Leaving EU will cost £4,300 per UK household, claims Osborne

Prime Minister David Cameron and Chancellor George Osborne during Prime Minister's Questions in the

Prime Minister David Cameron and Chancellor George Osborne during Prime Minister's Questions in the House of Commons, London. Photo: PA Wire - Credit: PA

Quitting the European Union would leave households £4,300 a year worse off, George Osborne warned as he prepared to release in-depth Treasury analysis on the cost of Brexit.

Britain's economy would shrink by 6% by 2030 if the country replicated Canada's trading agreement as advocated by Boris Johnson, according to the Chancellor.

The 200 page Government report assessing the long term costs and benefits of EU membership and life outside shows the country would be left 'permanently poorer'.

In an article for The Times, Mr Osborne said: 'The conclusion is clear: for Britain's economy and for families, leaving the EU would be the most extraordinary self-inflicted wound.'

The study will say none of the alternative options to full EU membership would leave Britain with a quota-free, no-tariff access to a single market of half a billion consumers.


'There would be less trade, less investment and less business. Leave the EU, and the facts are: Britain would be permanently poorer. Britain's families would be permanently poorer too.'


In his Daily Telegraph column, Mr Johnson wrote: 'All the usual suspects are out there, trying to confuse the British public and to persuade them that they must accept the accelerating loss of democratic self-government as the price of economic prosperity.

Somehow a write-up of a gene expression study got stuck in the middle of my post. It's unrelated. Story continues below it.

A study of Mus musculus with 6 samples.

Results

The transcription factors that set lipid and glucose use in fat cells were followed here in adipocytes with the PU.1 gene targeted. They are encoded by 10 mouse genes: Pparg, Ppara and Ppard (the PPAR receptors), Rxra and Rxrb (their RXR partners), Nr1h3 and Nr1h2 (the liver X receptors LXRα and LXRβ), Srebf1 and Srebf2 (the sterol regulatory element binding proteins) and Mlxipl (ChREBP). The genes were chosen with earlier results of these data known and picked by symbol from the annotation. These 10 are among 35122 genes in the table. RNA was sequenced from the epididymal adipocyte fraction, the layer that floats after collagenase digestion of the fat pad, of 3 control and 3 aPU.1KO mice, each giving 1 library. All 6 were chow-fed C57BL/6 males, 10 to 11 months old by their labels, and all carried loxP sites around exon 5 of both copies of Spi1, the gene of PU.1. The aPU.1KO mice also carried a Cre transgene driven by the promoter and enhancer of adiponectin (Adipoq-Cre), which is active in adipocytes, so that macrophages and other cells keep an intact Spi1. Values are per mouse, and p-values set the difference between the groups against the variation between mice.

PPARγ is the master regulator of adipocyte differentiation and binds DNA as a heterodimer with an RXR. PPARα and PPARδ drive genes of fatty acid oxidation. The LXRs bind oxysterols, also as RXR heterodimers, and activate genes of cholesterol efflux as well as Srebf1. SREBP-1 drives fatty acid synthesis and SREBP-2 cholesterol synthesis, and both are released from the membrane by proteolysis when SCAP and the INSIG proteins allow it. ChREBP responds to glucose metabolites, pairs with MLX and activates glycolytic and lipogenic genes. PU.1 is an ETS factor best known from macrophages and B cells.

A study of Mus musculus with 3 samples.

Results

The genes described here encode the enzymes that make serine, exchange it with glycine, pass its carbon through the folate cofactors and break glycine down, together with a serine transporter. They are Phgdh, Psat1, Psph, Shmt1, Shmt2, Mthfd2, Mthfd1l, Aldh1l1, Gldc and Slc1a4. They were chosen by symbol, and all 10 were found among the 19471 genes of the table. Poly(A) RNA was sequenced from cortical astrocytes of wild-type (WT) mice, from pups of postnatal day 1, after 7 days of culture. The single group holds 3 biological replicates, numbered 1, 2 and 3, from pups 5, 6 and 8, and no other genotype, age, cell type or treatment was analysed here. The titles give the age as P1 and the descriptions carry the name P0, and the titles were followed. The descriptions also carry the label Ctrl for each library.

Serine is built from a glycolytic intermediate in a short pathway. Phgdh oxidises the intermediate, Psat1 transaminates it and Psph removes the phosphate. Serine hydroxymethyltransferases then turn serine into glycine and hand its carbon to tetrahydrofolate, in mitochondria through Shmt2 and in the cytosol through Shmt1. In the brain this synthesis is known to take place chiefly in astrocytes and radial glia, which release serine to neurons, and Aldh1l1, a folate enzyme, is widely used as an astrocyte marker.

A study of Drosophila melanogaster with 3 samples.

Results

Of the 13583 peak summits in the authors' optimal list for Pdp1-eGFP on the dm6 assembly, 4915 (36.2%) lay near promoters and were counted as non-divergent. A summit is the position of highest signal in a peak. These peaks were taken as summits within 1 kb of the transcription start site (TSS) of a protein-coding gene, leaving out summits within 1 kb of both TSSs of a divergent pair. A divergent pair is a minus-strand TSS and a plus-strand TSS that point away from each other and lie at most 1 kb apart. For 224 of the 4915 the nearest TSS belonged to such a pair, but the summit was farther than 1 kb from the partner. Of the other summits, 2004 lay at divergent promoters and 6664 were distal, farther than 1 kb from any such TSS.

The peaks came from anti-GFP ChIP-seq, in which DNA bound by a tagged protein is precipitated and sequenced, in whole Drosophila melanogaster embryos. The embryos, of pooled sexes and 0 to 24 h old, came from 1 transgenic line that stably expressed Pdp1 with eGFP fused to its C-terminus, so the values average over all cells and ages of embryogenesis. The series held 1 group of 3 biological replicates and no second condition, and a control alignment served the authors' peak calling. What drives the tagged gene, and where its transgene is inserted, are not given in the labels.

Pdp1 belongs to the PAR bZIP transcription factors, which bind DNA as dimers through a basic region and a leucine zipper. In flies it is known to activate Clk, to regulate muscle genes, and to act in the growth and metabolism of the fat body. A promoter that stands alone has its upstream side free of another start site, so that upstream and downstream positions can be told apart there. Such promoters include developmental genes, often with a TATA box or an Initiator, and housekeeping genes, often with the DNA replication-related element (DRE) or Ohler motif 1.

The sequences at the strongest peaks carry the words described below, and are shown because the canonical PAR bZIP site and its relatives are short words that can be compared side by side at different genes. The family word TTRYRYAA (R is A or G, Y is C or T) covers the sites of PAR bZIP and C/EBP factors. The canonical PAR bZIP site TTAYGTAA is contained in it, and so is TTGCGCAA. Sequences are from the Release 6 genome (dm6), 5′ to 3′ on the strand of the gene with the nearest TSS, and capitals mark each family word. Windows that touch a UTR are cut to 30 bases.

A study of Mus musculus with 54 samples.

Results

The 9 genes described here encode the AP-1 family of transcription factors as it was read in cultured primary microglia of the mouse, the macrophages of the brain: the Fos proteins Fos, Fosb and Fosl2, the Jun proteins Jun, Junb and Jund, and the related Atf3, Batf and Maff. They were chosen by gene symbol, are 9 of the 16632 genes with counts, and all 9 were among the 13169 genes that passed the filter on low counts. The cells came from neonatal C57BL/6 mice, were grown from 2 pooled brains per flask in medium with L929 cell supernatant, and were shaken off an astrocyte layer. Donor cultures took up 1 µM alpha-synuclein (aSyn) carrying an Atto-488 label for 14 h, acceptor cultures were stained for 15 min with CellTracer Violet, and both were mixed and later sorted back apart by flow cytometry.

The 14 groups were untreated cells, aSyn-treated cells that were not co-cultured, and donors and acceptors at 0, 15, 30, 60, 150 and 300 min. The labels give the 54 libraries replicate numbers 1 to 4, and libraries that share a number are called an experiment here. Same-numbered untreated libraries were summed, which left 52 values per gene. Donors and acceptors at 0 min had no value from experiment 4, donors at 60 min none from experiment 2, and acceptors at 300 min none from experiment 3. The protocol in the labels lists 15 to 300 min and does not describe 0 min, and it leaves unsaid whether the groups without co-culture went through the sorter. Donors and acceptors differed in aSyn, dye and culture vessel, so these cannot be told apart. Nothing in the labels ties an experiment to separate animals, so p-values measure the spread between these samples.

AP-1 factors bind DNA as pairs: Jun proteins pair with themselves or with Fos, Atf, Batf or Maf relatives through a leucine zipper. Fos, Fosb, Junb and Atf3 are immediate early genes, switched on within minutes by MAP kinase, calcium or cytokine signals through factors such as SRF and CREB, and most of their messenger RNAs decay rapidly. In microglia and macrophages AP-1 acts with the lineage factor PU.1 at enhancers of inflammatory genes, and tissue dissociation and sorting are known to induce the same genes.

'We have heard from the IMF (who got the Asian crisis completely wrong), as well as the banks and the CBI, all of whom were wrong about the euro.

'Davos man - the kind of people whose club class air tickets are paid by the taxpayer, all the lobbyists and corporate affairs directors of the big companies: they are all increasingly nervous that they have been rumbled, that people can see the emperor has no clothes and that Britain could have a glorious future outside the EU.

'They all know that there is one event in the next few weeks that could remind the British people of at least one salient point in this debate - that this country has lost control of its frontiers - and that is another migration crisis on the borders of the EU, and within the EU itself.'

Former cabinet minister John Redwood dismissed the headline findings of the Government's analysis.

He said: 'The Prime Minister was one of the senior advisers working in the Treasury while John Major's government tried to keep this country in the EU's disastrous Exchange Rate Mechanism.

'The ERM destroyed jobs and caused misery for families across the country.

'The remainers were wrong then, and they are wrong now - people should not trust their judgement on the EU.'

It comes as Chris Grayling takes to the campaign trail with Nigel Farage to warn Britain faces a 'tidal wave' of new laws from the European Union if it remains part of the bloc.

Brussels has a locker full of new plans but is holding back until after the June 23 referendum, the Commons leader will insist.

Mr Grayling will make the claims at a Grassroots Out (GO) rally in Stoke-on-Trent as he joins forces for the first time with the Ukip leader.

The Tory Cabinet minister will say: 'Things may seem a bit quiet in Brussels at the moment. There don't seem to be many new laws being brought forward.

'But don't be deceived. It's not a sign that they have suddenly seen the light. They're holding it all back until we've voted, in the hope that we won't realise that there is another tidal wave of 'more Europe' heading our way.

'A vote to remain isn't a vote for things the way they are today. It's a vote to be part of a relentless march of Europeanisation, with us less and less able to decide what's good for Britain. The Commission's locker is full of new ideas and new plans. If we vote to remain, the door of that locker will be opened wide the day after.